Muscadines are a popular home crop in Mississippi because of their natural adaptability and long vine life today on Southern Gardening.
One of the true native southern fruits that many homeowners enjoy are Muscadine grapes. Muscadines grow well in the heat and high humidity of Mississippi and in late summer will reward the homeowner with their sweet, fruity flavors. Muscadines should be planted from November through February.
The basic Muscadine plant has a trunk and cordons or lateral arms that are trained on trellises for support. Trellises in home plantings are of simple design. The most popular is a single horizontal wire attached at a height of 5½ feet above the ground, attached to posts 20 feet apart
This spacing allows the main arms or cordons on each plant to grow up to 10 feet in each direction on a horizontal trellis. The fruiting spurs develop on the cordons. Commercial growers use a more sophisticated double trellis system.
Muscadines require consistent soil moisture for good fruit production. The use of drip irrigation t-tape run down the rows can help ensure the moisture needs of the vines are met.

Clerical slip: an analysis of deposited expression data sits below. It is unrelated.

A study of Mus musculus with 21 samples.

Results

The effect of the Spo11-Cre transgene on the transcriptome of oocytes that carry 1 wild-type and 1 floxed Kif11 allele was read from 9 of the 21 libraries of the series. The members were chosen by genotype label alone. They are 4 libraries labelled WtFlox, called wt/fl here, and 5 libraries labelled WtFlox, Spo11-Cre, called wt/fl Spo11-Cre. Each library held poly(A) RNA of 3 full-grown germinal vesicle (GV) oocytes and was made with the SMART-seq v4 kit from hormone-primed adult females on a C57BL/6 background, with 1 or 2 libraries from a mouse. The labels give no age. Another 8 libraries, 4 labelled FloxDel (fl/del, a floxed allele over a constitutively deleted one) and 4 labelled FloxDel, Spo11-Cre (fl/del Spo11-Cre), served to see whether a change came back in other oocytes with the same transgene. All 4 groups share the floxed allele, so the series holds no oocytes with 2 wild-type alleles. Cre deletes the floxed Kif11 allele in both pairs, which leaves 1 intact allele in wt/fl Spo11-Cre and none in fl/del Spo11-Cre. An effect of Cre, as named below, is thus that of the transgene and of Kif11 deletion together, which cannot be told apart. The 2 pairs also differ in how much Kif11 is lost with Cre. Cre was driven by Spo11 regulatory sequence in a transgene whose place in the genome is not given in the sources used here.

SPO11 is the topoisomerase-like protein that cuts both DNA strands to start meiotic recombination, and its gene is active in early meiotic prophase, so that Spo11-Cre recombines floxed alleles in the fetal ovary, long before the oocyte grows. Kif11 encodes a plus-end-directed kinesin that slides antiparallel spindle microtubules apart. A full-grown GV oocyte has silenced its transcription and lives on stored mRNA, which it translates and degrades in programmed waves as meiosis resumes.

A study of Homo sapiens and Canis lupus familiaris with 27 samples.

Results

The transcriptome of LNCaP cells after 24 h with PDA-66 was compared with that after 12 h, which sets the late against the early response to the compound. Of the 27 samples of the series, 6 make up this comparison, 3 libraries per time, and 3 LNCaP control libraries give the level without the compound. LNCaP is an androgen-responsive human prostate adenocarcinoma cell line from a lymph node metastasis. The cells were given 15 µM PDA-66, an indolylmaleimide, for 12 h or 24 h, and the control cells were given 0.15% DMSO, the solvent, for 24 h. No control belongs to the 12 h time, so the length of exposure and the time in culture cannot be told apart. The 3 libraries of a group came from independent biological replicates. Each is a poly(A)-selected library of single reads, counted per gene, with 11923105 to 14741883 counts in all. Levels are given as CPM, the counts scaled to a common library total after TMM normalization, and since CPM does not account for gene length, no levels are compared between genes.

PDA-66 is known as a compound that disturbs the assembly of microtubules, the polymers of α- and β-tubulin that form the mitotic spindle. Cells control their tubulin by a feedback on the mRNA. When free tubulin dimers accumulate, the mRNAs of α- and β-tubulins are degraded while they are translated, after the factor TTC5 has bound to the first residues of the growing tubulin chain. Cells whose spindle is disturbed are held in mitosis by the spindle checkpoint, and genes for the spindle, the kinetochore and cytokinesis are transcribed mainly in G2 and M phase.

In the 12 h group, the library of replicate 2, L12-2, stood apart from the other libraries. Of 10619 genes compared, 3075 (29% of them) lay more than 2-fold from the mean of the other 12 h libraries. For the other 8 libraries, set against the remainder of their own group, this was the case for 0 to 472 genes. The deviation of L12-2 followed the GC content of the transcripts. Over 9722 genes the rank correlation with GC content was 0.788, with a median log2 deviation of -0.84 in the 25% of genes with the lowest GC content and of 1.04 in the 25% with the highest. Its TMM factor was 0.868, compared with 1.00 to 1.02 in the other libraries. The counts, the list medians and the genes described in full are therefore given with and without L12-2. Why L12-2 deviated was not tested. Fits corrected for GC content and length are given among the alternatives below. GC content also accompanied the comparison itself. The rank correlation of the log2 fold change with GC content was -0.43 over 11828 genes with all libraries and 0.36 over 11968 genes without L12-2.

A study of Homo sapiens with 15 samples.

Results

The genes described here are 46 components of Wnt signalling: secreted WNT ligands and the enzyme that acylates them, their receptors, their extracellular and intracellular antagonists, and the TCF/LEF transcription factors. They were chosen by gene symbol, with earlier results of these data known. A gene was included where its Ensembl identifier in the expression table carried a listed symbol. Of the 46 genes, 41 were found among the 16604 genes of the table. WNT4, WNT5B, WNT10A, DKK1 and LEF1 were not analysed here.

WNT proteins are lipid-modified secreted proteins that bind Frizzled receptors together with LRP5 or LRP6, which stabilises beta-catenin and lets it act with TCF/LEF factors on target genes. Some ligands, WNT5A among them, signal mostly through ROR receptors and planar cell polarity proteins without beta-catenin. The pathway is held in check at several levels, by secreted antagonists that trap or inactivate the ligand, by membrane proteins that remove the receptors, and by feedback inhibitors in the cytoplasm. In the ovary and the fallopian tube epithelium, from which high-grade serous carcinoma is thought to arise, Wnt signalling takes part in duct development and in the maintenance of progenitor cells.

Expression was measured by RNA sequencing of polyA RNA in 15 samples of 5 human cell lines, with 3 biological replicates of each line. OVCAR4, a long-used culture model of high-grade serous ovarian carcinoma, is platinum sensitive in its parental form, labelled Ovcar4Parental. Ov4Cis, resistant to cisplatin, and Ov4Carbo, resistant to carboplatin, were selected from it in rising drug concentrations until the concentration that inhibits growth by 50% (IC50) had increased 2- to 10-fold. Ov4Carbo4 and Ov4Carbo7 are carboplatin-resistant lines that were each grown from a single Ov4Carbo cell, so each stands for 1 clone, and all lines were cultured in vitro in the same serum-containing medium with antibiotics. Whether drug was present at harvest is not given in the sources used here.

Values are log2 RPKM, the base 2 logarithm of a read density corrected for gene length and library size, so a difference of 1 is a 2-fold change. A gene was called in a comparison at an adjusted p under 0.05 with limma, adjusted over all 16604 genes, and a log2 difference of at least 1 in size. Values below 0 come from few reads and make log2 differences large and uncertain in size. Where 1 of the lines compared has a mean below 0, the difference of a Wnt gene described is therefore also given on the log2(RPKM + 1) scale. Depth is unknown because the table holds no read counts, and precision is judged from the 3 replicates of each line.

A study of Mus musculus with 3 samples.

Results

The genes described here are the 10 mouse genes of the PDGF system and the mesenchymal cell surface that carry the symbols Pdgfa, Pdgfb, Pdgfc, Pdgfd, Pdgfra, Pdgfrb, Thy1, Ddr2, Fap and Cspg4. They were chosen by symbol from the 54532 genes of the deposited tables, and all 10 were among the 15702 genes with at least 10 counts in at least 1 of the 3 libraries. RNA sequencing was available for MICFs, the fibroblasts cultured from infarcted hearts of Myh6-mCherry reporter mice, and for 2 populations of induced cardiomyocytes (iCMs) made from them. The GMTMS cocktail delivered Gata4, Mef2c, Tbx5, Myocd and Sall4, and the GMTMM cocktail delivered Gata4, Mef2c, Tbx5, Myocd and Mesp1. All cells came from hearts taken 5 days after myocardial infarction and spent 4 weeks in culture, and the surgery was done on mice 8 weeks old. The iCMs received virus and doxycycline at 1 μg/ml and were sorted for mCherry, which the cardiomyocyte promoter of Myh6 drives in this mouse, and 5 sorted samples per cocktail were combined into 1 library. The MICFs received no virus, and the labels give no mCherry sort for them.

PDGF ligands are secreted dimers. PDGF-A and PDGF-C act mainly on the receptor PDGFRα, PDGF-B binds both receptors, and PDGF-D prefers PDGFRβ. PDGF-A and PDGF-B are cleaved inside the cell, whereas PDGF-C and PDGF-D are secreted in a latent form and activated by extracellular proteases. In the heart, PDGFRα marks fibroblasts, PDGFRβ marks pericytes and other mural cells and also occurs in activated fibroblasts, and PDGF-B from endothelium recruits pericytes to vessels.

There are over 60 named varieties of Muscadines. Three of the most popular for the homeowner to grow in Mississippi are:
Carlos, is a high yield variety having bronze skins and medium sized fruit.
Doreen, has bronze skinned medium sized fruit.
And Noble, has heavy yields of purple fruit.
All three of these are self fertile varieties that are excellent for juice, jelly, and wine.
Muscadines are great for the homeowner and are not difficult to grow. Whether for table, juice, or even wine, home-grown Muscadines are a delicious addition to your landscape.
I am horticulturist Gary Bachman for Southern Gardening.